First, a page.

For U.S. companies looking to conduct clinical trials of new drugs and medical devices, Brentwood resident Dr. R. Stephen Porter is pitching China as a lower-cost setting where the job can get done much more quickly.
His consulting company, Dragon Bio-Consultants Ltd., helps American drug companies license their products in China and Chinese companies to license products here by getting through the U.S. Food and Drug Administration process.
Porter partners with Chinese companies that can take a new drug through development, including testings. He cites as one example of success a U.S. company that was able to get five drug compounds approved for human study in two years, contrasting that with the U.S. pharmaceutical industry, where one compound takes eight years to develop through a process that on average can cost$25 million.
The American company paid $4 million in contract fees for the work one of Porter’s former joint venture partners did in China using 43 employees in Shanghai and a dozen others in Boston.
“That’s leveraging time and costs,” he said. “That’s what China is all about — half the money, twice the productivity and 10 times the value. That’s why I’m in China. They have more than2 trillion of our dollars they want to invest in pharmaceuticals and health care, and they want to access both the Chinese and the Western market.”
Other niches await
Drug development is only one of the health-care niches in which Porter sees opportunities in China. He’s also starting to consult with U.S. companies interested in running hospitals in China. One of his goals is to branch out into managing Western-style clinical research in hospitals there.
Ownership and operation of hospitals is one niche that is expected to see rapid growth because of China’s plans to spend $1 trillion over a decade to double to 40,000 the number of hospitals there and offer universal health care to 90 percent of its1.4 billion residents.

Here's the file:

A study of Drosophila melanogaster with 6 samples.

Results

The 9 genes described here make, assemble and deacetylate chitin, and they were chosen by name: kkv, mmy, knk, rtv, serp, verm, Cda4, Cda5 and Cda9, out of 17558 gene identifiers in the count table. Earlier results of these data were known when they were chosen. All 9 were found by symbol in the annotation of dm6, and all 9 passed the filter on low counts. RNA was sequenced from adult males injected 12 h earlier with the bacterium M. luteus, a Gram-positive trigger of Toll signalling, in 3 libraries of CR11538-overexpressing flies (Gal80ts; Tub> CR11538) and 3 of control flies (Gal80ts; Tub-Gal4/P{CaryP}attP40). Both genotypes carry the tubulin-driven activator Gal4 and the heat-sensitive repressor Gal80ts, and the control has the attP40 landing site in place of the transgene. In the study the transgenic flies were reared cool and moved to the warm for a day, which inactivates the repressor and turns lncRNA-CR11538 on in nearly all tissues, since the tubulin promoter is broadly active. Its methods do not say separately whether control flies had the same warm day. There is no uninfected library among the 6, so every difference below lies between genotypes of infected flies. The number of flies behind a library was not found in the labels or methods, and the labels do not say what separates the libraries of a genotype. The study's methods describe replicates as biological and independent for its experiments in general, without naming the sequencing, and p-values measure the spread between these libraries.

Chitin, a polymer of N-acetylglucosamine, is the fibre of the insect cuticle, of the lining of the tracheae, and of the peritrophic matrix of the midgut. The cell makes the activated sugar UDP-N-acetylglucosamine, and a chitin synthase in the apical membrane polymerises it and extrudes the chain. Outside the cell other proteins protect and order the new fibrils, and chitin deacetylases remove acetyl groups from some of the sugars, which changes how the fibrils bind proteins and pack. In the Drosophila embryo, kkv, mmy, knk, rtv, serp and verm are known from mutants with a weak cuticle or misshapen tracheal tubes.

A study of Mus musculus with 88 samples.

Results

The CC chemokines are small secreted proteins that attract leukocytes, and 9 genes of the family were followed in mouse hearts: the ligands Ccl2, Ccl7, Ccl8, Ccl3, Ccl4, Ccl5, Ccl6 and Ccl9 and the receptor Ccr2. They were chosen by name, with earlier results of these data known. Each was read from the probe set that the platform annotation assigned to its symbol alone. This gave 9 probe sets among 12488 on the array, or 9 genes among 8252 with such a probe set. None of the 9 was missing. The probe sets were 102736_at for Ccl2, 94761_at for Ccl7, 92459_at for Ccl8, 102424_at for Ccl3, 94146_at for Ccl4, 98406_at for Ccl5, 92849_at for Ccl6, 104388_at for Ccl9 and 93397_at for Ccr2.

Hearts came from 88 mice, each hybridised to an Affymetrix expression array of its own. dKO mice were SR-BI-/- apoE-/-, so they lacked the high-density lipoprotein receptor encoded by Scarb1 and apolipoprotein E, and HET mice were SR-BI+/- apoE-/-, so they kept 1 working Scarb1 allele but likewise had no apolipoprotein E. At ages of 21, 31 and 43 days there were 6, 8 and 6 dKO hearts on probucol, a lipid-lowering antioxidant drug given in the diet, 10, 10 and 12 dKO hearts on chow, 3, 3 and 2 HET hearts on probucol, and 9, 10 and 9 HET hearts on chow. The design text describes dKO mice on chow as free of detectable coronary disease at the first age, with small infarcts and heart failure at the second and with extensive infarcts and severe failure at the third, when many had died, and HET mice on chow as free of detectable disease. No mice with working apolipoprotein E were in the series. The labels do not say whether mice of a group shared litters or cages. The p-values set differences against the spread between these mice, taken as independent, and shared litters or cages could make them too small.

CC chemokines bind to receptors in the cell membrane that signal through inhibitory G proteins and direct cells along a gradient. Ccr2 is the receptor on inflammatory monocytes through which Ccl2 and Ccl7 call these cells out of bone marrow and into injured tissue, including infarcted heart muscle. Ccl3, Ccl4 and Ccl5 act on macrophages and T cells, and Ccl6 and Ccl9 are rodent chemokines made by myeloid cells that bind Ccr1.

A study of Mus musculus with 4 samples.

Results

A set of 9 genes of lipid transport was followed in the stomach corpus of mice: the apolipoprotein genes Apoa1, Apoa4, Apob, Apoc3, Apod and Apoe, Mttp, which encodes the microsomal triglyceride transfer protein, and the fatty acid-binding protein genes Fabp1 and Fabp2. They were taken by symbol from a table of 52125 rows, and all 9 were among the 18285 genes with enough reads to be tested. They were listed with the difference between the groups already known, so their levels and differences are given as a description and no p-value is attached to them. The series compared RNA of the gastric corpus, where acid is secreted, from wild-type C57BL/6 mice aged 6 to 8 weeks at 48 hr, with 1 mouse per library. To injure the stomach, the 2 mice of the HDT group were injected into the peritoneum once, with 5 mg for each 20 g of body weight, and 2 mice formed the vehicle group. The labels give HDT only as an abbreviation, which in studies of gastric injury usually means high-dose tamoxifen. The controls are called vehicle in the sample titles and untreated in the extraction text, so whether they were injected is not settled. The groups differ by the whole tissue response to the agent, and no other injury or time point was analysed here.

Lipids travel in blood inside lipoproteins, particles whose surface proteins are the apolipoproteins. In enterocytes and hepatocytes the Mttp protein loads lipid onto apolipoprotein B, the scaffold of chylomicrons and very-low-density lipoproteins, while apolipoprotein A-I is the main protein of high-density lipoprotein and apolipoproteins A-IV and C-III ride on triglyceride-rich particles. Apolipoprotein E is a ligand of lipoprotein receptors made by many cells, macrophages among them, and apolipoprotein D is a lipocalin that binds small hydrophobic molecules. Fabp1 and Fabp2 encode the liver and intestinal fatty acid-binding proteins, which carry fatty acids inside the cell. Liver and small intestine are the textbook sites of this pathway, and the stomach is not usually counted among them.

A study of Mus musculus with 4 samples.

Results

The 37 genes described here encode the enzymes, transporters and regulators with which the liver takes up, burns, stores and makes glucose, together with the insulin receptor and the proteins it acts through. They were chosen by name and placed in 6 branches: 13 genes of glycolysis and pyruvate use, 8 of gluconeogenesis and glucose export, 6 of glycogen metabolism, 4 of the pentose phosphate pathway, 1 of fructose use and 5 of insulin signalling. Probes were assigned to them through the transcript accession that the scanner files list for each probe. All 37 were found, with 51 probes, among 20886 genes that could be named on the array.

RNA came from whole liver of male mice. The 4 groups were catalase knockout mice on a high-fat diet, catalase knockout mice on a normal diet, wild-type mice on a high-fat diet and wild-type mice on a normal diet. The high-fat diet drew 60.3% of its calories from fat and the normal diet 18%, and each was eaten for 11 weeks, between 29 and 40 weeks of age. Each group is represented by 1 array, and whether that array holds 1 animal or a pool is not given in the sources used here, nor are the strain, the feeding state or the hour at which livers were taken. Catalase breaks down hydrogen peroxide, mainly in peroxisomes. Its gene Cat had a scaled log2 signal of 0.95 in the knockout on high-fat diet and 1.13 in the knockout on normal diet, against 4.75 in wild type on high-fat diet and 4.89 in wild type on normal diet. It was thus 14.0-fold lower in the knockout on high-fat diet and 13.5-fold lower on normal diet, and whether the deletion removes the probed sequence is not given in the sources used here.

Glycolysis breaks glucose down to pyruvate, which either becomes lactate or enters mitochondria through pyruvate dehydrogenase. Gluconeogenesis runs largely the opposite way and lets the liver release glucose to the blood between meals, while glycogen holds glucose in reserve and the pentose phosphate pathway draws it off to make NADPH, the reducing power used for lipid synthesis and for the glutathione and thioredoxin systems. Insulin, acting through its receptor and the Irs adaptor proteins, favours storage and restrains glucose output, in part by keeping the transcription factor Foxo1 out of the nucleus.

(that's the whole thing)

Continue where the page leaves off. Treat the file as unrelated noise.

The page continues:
China Healthcare Corp., a company founded by members of Nashville’s Frist family, is among locals that have shown interest in such opportunities in China. It owns 70 percent of one hospital there and could benefit from a change in the law in China to allow for 100 percent foreign ownership.
Nashville eye surgeon Dr. Ming Wang is a co-owner and medical director of Aier Eye Hospital Group, which has 33 freestanding eye hospitals across 33 Chinese cities, each generating annual revenues of $10 million to $20 million.
Wang, president of the Tennessee Chinese Chamber of Commerce, also sees opportunities in senior housing such as nursing homes because of a cultural shift in China under which children aren’t as willing to care for their elderly parents.
“Everything we do here in this country — nursing homes, assisted living enterprises, Medicare and other social programs — China has to adopt or learn from it,” he said.
Despite the opportunities, getting a business to profitability in China can be difficult given the time required to build relationships and eventually gain market share, Porter said, adding that although his consulting business is profitable, his research and development company hasn’t made money.
“Approval to begin a clinical trial can go slow in China, but once you get the approval you can go very fast,” he said. “Here in the U.S., you can get started very quickly, but it takes longer to complete enrolling patients in a clinical trial.”
One of the biggest problems Porter sees in China is a lack of trained managers across industries including health care. He attributes that largely to an organizational culture in which there is often one leader overseeing hundreds of employees with no layers of managers between them. That’s why he sees opportunities for people from Nashville experienced in managing hospitals to improve health-care delivery in China.
In China, personal relationships also play a bigger role in how business is done. Written contracts are only a starting place for conversation as compared with in the United States, where they’re binding, Porter said, adding that contract law is rarely followed in China.
That’s why it is critical that American companies make sure they have the right partner even if100 percent foreign ownership is allowed, Wang said. An ideal partner in China would have connections and knowledge of the culture as well as the regulations that are still being developed, he said.
“It’s only in the last 20 years when the government began to allow private ownership, enterprises and entrepreneurs,” Wang said, adding that 80 percent of China’s industries are still under some government control. “As a result, laws and regulations governing private enterprises have not been fully established yet.”